Due to NFL Lockout, Players Forced to Actually Learn


According to Bill Finkelton, the director of the University of Alabama football program, they’re going to have to change the basis of their program because of this lockout. “Our players aren’t going to have anywhere to go, so this whole ‘student athlete’ thing has to mean student, too. Our motto used to be ‘All football, no school;’ now it’s ‘Alabama: we can read!*’”

Players are now being forced to attend classes and maintain a 1.0 GPA, and it appears that other schools across the country are making similar changes. As the director of the University of Tennessee football program said, “They now have to be prepared for at least a minimum wage job when they graduate, since a multimillion dollar salary from the NFL is no longer guaranteed.”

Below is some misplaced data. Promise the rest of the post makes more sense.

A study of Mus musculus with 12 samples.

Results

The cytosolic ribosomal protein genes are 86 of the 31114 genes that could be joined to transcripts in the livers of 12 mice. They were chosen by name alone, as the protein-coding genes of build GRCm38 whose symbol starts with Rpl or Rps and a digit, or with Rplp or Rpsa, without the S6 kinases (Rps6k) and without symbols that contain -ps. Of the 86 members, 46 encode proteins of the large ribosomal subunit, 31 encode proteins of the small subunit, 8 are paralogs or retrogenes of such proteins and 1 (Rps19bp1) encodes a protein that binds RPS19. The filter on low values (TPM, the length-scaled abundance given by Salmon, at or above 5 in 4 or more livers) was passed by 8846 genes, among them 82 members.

Some schools, such as Indiana University, the University of Iowa, and many others in the South are finding it too hard to get their players to maintain that GPA and are having to close down their football programs altogether. “It’s real sad,” says one IU player, “football was, like, real fun. I’s gonna miss my friends.”

According to officials, Northwestern is the only school not affected by the new, stricter requirements. NU players may, in fact, be asked to skip class once in a while so that their GPAs will not be so much higher than the averages (or counting ranges) of competitors’ programs.

(*All students are required to recite this phrase in order to be admitted into the program to prove they are actually literate.)